How to practice violin with a metronome | Violin Lounge TV #520
Practice tips to learn difficult rhythms and tackle fast runs on the violin
Practice along with me with different pieces, so you’ll learn to practice effectively with the help of a metronome.
Tackle fast runs on the violin
But I just can’t play any faster! What do I do?
First, recognize that gradually increasing your speed takes time. Depending on the difficulty of the piece, give it at least a few months before declaring that you’ve reached a plateau.
If you really can’t go any faster, increase the speed by 10-20 BPM. I know it sounds crazy, but stay with me for a second. Play the section a few times at this new faster speed. It doesn’t have to be perfect but aim to get through it. Then increase the speed again and repeat the process. Now, go back to the original, desired speed. It should seem much slower and more manageable.
The best way to increase your speed in runs is to practice rhythmical variations. The aim of this practice technique is to practice just a few notes at a time, but at a very quick speed, which will increase the overall speed at which you’re able to play the run. Here are the steps to follow to practice in rhythmical variations:
- Play two notes as fast as possible. Take out all bowings and play each note separately.
- Stop for as long as necessary to mentally prepare for the next two notes.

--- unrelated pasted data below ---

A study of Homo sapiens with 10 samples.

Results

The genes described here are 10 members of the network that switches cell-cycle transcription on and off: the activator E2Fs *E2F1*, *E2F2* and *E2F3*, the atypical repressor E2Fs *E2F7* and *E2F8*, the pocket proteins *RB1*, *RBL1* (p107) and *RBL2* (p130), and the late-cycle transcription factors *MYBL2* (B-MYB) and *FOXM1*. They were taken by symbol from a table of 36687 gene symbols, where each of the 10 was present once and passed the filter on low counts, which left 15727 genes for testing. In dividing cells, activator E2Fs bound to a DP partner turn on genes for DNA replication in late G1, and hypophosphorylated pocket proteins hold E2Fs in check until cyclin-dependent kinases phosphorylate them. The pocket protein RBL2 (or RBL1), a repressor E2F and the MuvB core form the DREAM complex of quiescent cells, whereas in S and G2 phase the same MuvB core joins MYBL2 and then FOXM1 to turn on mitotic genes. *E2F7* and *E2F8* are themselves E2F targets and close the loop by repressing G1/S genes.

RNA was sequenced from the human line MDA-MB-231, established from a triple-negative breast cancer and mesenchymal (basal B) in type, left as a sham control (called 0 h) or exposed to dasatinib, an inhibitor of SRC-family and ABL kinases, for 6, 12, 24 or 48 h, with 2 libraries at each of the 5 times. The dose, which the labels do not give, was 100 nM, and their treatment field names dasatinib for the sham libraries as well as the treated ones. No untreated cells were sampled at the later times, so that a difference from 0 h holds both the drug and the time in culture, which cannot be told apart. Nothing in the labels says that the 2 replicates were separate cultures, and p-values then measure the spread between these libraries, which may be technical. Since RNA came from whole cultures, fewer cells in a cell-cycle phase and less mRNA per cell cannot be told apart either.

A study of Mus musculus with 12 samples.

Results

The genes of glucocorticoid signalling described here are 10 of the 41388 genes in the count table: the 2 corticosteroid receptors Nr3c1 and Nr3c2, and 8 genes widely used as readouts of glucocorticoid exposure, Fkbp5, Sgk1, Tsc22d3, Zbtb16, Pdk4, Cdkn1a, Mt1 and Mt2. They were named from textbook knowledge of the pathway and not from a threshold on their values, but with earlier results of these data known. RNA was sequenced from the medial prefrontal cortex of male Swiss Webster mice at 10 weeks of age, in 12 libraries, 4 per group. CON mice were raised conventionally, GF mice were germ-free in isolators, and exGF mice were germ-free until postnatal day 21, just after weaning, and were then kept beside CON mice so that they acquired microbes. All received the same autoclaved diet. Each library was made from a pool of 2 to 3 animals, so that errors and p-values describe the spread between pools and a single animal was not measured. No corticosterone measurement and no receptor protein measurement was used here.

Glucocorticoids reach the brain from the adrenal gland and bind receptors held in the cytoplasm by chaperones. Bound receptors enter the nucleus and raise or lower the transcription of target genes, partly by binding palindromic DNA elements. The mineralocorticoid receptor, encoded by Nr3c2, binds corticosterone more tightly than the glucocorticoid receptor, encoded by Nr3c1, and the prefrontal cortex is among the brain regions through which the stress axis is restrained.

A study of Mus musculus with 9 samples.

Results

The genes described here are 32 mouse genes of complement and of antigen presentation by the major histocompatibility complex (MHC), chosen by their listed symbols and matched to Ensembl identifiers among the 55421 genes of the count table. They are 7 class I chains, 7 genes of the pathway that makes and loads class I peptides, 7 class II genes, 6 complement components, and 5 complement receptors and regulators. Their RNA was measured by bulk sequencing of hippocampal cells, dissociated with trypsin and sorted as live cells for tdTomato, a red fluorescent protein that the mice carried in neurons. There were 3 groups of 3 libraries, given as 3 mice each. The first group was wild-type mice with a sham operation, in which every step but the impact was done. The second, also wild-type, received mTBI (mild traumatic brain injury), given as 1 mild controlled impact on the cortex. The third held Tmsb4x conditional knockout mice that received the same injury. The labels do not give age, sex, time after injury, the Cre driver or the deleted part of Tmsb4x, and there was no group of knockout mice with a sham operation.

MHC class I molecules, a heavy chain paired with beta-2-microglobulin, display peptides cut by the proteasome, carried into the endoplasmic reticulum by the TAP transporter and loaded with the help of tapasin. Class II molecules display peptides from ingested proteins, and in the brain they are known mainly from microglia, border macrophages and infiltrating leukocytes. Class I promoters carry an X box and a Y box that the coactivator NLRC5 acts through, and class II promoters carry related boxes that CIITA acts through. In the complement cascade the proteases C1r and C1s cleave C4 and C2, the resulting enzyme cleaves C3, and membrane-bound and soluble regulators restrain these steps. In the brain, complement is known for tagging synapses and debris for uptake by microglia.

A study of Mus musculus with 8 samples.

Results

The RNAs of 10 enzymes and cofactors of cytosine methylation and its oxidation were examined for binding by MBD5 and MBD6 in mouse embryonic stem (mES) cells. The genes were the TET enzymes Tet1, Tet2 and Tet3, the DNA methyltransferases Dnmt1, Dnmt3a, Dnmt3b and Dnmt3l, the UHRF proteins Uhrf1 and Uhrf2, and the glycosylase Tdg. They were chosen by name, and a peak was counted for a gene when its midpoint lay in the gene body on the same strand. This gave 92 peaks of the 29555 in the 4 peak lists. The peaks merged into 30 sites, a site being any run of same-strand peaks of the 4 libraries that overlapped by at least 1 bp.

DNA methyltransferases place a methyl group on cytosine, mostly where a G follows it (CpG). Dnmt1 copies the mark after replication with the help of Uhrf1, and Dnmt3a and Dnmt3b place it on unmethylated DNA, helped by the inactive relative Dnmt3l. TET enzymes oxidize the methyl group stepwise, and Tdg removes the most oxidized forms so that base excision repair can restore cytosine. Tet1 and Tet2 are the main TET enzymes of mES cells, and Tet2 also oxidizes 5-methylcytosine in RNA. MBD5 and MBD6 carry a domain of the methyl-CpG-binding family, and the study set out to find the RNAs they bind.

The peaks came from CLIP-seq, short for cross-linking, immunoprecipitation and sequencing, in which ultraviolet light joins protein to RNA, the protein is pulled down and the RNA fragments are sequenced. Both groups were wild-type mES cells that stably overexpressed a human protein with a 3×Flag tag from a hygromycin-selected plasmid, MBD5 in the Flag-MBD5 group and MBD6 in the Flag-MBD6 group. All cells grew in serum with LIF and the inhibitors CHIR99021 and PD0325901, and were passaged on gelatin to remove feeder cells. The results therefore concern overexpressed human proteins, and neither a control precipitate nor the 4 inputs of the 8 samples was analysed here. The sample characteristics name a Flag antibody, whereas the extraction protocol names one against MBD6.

- Repeat for the remaining length of the run.
- Now, practice in opposite pairs. To do this, start out with a single note, and then resume playing in pairs. You should be playing different pairs than before.
- Repeat the process with groups of three, four, six, and eight.
Hi! I'm Zlata
Classical violinist helping you overcome technical struggles and play with feeling by improving your bow technique.
Difficult rhythms to practice with a metronome
Dotted rhythms (dotted quarters, dotted eighths followed by sixteenths, etc)
These rhythms are challenging because you have to play off of the beat (meaning that you are not going to be playing right with the click of the metronome.) However, when practicing along with this online metronome, you can simply choose these rhythms in the bottom right-hand corner and play exactly with the beats.
Triplets (especially when in combinations of eighths and quarters)
The most common tendency when practicing triplets is to rush. I like to call triplets “the lazy rhythm” to help remind students to evenly spread the three notes out over the beat. When faced with triplets in combinations of eighths and quarters, I recommend subdividing the triplet in your head.
Syncopations are difficult because you have to play off of the beat of the metronome (similar to dotted rhythms). Along with subdividing and using the built-in syncopation rhythms in this online metronome, I recommend listening to the piece as much as possible to internalize the rhythm.